Tweeting: ‘blogging for morons’?

So, farewell then Social Media World Forum Europe The World The Universe 2010, and roll-on next year’s event. Conference programme presentations in 2011 that we’d like to see include:

  • Keynote address 1: “Will someone please capitalise me £500k?”
    Is investing thousands in a ‘vaguely interesting idea for a website that has the potential to be quite successful’ throwing good money after bad? Not at all, argues serial entrepreneur Con O’Course.
  • Keynote address 2: Tweeting: is it really just blogging for morons?
    Controversial über analyst Gunther Lünch of market-watcher DataGeist Group shares his view of the ‘bifurcation of the Socmed generation’ into so-called ‘Tweet twats and blog-telectuals’.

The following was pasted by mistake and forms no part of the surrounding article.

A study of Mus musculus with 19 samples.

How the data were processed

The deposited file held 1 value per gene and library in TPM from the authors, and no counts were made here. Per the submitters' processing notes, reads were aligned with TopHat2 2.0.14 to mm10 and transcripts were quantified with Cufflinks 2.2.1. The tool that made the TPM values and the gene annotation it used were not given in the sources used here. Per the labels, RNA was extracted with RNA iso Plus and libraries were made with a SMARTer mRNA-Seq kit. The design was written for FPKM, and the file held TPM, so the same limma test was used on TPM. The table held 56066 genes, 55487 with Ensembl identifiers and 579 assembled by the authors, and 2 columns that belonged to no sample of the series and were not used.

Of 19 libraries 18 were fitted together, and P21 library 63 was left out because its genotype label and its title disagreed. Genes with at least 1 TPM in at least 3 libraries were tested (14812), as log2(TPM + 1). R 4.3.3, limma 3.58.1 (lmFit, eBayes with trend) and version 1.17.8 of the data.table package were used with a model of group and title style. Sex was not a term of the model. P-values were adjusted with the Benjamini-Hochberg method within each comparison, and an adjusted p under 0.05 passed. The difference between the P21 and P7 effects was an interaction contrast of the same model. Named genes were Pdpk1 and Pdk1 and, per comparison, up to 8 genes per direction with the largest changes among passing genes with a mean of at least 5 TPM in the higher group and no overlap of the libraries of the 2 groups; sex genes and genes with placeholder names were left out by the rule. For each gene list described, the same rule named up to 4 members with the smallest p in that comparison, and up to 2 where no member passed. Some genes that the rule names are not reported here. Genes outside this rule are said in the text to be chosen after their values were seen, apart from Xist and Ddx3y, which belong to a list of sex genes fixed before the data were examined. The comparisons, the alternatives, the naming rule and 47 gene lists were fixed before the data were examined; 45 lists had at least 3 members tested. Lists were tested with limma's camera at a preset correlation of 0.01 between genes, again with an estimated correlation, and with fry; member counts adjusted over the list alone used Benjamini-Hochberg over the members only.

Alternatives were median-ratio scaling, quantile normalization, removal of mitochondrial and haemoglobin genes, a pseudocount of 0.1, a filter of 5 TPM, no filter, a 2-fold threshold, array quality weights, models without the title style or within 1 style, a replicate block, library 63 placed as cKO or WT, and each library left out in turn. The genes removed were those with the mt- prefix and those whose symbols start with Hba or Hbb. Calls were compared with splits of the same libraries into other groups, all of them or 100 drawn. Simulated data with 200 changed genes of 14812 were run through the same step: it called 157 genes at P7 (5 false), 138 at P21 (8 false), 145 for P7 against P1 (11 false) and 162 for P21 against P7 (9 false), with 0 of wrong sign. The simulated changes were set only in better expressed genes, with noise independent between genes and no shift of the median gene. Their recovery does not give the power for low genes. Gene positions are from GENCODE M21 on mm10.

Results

• Social Media Trends: the rise of ‘identity sharing’
    Many socmed adherents are finding that an entire personality is surplus to their requirements. University lecturer Professor Grant Guzzler suggests that there is no moral or ethical reason why two (or more) individuals should not share the same single personality in virtual cyber-domains.
  • Monetization: the ‘Holy Grail’ of Social Media business models
    Leading commercial consultant Daniel Day-Rate revisits a subject heading that rarely fails to pack ’em in. His conclusion: we still have some way to go toward achieving this.
  • Case study: 10 steps to deriving value from the obvious
    Shirley Knott, managing director of the UK’s largest small-to-medium sized enterprise Mega Industries International, explains how her company did some fairly obvious things to making Internet technology perform some basic business processes, such as setting-up a website, and accepting online payments.